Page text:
President Trump's trade war: Even conservatives think it's a terrible idea

When the Wall Street Editorial Board thinks the idea is terrible, you know you're straying from the GOP

By Matthew Rozsa

Staff Writer

Published March 2, 2018 8:02AM (EST)

Donald Trump at the Conservative Political Action Conference (Getty/Chip Somodevilla)
Donald Trump at the Conservative Political Action Conference (Getty/Chip Somodevilla)

President Donald Trump's announcement of new tariffs on steel and aluminum imports has caused him to alienate many of his core conservative supporters for the second time this week.

"Let's be clear: The president is proposing a massive tax increase on American families. Protectionism is weak, not strong. You'd expect a policy this bad from a leftist administration, not a supposedly Republican one," Sen. Ben Sasse, R-Neb., declared after the announcement on Thursday.

He was joined by the chairman of the Senate Agriculture Committee, Sen. Pat Roberts of Kansas, who expressed concern that Trump's tariffs would cause "a retaliation" because "agriculture is the No. 1 target. I think this is terribly counterproductive for the (agriculture) economy and I'm not very happy."

Even one of Trump's biggest supporters in Congress, Sen. John Cornyn, R-Texas, had to admit to being "obviously concerned about retaliation and unintended consequences."

Cornyn added, "I'm also sympathetic to what he's been saying because we've been getting heat when it comes to our international trade relationships. So we need to scrutinize and see if they're in America's best interests and I certainly support that but I need to look at the specifics."

The Wall Street Journal Editorial Board was particularly scathing in its response to Trump's threat:

Mr. Trump seems not to understand that steel-using industries in the U.S. employ some 6.5 million Americans, while steel makers employ about 140,000. Transportation industries, including aircraft and autos, account for about 40% of domestic steel consumption, followed by packaging with 20% and building construction with 15%. All will have to pay higher prices, making them less competitive globally and in the U.S.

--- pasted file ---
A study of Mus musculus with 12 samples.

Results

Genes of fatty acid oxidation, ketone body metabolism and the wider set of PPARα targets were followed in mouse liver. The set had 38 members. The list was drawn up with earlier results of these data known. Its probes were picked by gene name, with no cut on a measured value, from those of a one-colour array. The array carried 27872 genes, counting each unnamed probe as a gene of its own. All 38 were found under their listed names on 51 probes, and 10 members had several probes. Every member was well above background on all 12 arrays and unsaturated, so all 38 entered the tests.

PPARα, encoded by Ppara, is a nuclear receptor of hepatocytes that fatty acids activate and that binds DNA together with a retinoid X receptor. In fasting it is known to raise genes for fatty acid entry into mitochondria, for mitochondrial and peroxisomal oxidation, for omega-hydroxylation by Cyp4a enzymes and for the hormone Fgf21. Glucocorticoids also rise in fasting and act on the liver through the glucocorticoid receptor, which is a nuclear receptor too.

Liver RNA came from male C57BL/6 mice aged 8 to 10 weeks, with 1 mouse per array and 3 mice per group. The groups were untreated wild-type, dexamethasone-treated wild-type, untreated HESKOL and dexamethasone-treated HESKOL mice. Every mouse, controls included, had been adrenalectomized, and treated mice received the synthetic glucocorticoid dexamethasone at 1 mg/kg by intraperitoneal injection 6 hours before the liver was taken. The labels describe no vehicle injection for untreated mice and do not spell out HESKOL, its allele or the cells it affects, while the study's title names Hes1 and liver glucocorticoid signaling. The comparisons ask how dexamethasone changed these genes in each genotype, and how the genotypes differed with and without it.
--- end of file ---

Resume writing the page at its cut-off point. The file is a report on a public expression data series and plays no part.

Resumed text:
Instead of importing steel to make goods in America, many companies will simply import the finished product made from cheaper steel or aluminum abroad. Mr. Trump fancies himself the savior of the U.S. auto industry, but he might note that Ford Motor shares fell 3% Thursday and GM’s fell 4%. U.S. Steel gained 5.8%. Mr. Trump has handed a giant gift to foreign car makers, which will now have a cost advantage over Detroit. How do you think that will play in Michigan in 2020?

It's the second time in a week that Trump has managed to distance himself from his own conservative base. He also caused consternation from the right after a White House meeting on Wednesday in which he came out in support of gun control measures staunchly opposed by the NRA.

By Matthew Rozsa

Matthew Rozsa is a staff writer at Salon. He received a Master's Degree in History from Rutgers-Newark in 2012 and was awarded a science journalism fellowship from the Metcalf Institute in 2022.